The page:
A Message for the Moms Who Are Doing it All Alone
The single moms who are trying their best to make homeschooling work even though it’s tough.
The married moms whose husbands work so much that they can’t help out with schooling.
The moms who live in an area where your family is one of the very few homeschooling families.
I know it must be hard not having the support that many of us have. Homeschooling is a grand adventure, but it’s also a challenging one. And doing something like this without support can be more than just lonely – it can make it seem impossible at times. Not just physically, but mentally/emotionally.
But it doesn’t have to be that way. There ARE ways for you to create (or find) a homeschool support system that can be there to encourage, uplift, and inspire you on your journey to educate your children. Here are a few suggestions:
Join Homeschool Communities on Facebook
When I tell you there are a LOT of homeschool groups on Facebook just waiting for you to join them, I am not exaggerating. There are groups devoted to just about every method of homeschooling, homeschooling goal, and type of homeschooler. It is so easy to find homeschoolers on Facebook that if you threw a virtual rock in the crowd, you’d hit one, lol. Of course, you are always welcome to join my group, The Relaxed Homeschool Community. I might be a tiny bit biased, but I think we are a wonderful group of homeschoolers. And with over 30,000 of us, we’re definitely a big group, so you’re sure to find some people you connect with.
Here are some other Facebook groups you may want to join:
Honestly, I could share Facebook groups all day, but neither of us wants that, lol. Besides, you know your situation better than I do, so what I recommend is grabbing a sheet of paper and a pen (go get it right now) and then jotting down a bunch of homeschool-related keywords that fit your situation. Write down the type of homeschooler you are (relaxed, unschooling, Charlotte Mason, eclectic, etc), the type of homeschool MOM you are (Type A, working mom, rebel, single military wife, Christian, secularetc), the type of homeschooling family you are or want to be (roadschoolers, wild and free, etc), where you live (city, county, state, etc), and even the type of homeschool curriculum you use or need (Easy Peasy, Sonlight, Discovery K12, Timberdoodle, Acellues, etc). Once you have that list, head to Facebook, and start searching for each keyword to see what kind of group you find. To get you started, here are a few keyword results(you need to be logged in first):
Seek Out Local Homeschoolers
I know that when you don’t know any other homeschoolers in your are, it may seem like you’re the only one. However, you may be surprised by who else in your are homeschools. Here are some tips on finding them:
Post in Local Facebook groups
Again, I recommend that you turn to Facebook. It’s such an immensely popular social media tool (I mean, think about how many generations of families use it – from great-grandkids to great grandparents!), that if there are other homeschoolers in your community, they are probably active on Facebook. If your town or city has a Facebook group, make a post in there saying that you are a homeschooler and that you would love to connect with other homeschoolers in the area. You may find several homeschoolers that way. You may also find that there are already groups set up (both online and offline) just waiting for you to join. I have a friend who lives in a small town in a neighboring state who thought she was the only homeschooler only to find out that her county is home to hundreds of homeschool families!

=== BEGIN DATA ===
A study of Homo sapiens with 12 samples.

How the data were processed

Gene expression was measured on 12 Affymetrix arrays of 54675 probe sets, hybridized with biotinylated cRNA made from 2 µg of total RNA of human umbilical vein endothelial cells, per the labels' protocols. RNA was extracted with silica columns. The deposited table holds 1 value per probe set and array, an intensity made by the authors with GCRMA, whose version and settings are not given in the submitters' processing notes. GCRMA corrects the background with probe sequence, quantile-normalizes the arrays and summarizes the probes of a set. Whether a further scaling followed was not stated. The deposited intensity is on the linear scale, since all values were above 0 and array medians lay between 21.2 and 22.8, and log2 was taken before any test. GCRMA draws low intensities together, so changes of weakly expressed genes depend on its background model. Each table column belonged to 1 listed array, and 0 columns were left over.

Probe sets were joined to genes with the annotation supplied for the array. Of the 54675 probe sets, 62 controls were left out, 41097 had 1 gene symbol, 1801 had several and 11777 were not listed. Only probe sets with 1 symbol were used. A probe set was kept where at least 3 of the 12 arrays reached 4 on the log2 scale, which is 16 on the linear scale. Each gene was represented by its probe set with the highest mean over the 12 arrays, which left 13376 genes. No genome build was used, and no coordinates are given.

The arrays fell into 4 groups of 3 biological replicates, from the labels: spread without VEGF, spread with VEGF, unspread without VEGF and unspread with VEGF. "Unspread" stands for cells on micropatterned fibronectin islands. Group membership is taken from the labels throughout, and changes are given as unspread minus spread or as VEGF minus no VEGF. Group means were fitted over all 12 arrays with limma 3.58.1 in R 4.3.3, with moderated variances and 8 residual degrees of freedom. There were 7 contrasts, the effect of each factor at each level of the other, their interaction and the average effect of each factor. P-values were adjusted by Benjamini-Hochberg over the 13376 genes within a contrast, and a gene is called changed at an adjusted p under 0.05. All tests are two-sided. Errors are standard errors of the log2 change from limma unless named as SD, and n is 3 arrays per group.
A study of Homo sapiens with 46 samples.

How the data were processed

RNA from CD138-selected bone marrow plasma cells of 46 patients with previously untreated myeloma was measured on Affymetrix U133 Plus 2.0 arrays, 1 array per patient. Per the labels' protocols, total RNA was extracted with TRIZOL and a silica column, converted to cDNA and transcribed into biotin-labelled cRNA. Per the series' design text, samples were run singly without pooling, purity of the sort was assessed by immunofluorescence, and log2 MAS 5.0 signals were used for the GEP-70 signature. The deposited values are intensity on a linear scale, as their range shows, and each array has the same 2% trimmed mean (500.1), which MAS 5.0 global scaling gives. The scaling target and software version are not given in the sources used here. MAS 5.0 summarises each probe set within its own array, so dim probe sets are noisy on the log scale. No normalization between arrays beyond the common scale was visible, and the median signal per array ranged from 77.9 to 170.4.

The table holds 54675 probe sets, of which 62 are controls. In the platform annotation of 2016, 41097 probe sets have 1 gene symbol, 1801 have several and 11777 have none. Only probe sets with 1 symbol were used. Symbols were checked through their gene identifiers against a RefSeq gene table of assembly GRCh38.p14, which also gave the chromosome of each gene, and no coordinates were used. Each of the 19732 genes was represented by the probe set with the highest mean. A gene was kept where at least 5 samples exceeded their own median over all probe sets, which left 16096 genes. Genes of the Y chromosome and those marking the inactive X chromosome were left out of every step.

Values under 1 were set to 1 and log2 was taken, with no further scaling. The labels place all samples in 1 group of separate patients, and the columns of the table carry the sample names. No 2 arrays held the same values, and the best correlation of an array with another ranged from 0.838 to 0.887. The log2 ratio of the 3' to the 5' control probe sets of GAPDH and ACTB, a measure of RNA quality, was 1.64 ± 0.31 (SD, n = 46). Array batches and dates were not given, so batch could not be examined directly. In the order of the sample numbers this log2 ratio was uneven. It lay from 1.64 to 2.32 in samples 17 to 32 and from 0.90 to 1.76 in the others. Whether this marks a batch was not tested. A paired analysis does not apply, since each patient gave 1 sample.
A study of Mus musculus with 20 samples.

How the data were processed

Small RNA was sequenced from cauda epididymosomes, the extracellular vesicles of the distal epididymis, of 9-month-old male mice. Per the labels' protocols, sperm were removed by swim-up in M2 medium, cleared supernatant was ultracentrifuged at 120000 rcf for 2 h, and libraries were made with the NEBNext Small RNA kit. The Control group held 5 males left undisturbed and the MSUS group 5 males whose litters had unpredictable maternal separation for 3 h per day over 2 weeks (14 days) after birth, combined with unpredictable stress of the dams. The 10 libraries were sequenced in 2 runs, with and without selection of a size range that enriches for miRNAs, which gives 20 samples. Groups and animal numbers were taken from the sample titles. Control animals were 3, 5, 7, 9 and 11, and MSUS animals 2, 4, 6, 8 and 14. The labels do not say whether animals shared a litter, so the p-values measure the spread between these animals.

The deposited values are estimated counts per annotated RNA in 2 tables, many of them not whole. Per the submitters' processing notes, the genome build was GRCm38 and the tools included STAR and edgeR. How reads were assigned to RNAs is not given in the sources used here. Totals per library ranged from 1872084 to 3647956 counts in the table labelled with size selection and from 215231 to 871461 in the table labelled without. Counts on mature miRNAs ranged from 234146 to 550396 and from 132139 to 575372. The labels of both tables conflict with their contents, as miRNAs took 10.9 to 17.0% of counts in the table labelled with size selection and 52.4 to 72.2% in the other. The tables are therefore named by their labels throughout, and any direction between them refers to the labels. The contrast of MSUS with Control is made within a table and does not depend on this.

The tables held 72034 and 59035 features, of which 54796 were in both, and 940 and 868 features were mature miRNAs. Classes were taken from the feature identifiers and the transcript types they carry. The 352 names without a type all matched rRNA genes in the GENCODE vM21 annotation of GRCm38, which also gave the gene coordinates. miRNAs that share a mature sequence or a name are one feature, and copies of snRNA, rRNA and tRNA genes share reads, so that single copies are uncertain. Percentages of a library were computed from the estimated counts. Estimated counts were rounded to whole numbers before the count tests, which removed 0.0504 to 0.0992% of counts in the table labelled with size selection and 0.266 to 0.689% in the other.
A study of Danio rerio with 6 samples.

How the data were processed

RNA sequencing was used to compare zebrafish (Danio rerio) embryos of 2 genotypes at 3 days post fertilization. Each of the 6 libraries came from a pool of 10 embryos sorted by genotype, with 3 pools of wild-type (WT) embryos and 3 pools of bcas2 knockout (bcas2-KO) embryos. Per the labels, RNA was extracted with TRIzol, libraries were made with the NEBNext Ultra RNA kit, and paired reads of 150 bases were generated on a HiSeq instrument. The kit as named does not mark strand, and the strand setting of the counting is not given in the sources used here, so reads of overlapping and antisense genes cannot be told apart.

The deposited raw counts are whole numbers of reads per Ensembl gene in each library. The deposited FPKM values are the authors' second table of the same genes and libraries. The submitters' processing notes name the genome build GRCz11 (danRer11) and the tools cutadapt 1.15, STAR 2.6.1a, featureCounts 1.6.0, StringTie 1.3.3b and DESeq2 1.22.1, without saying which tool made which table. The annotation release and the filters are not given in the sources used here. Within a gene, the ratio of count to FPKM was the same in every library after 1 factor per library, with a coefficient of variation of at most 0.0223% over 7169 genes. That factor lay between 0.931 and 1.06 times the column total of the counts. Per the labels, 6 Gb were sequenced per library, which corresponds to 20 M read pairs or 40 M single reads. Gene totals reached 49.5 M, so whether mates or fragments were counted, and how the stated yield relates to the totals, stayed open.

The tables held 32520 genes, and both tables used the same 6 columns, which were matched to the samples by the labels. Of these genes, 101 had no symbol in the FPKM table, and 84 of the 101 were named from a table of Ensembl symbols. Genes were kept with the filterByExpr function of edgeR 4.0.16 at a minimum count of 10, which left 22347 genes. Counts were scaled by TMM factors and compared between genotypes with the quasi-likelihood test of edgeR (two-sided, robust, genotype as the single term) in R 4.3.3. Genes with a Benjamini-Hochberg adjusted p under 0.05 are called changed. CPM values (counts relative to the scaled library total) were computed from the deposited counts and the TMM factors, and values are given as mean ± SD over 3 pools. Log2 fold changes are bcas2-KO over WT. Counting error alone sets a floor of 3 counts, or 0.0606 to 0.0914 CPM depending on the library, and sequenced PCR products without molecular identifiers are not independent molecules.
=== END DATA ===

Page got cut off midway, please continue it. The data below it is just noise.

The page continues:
Create a Facebook Group
If you can’t find a Facebook group for local homeschoolers, why not create one? There may be several of you looking for one, so get the ball rolling by starting the group yourself. You could also go the extra step by promoting it in any local Facebook groups to let people know it’s there.
Ask Family and Friends
Even though your family and friends may not be supportive of your decision to homeschool, they may still know of other homeschoolers you can connect with. It’s worth a shot! Just ask them if they happen to know of anyone else who homeschools and see what they say.
Post on Community Boards
When you see a bulletin board in your community, do you stop to see what is on there? I know I do! So other people probably do as well. Create a flyer letting people know that you’re looking to connect with other homeschool families. Leave them with a reliable way to contact you and then see what happens. You might be surprised! (If you’re concerned about creepy people contacting you, I recommend creating an email address specifically for this and check it weekly.)
Reach Out to Family and Friends
I can’t end this email without encouraging you to reach out to your family and friends. Perhaps for the first time. Perhaps for the 10th time. Let them know that you need their support. Tell them that even if they don’t understand your decision to homeschool, you hope that they understand that you are working hard to make sure your children have a good education and that it would be a lot easier not having to do it alone. Let them know some real ways that they can help you even if they know nothing about homeschooling. Make it about supporting you and your kids – not about supporting your choice. Even if you can only get one person on your side, it’s better than nothing.
I hope that this gives you a bit of hope and helps you find at least one homeschool BFF to share this journey with you.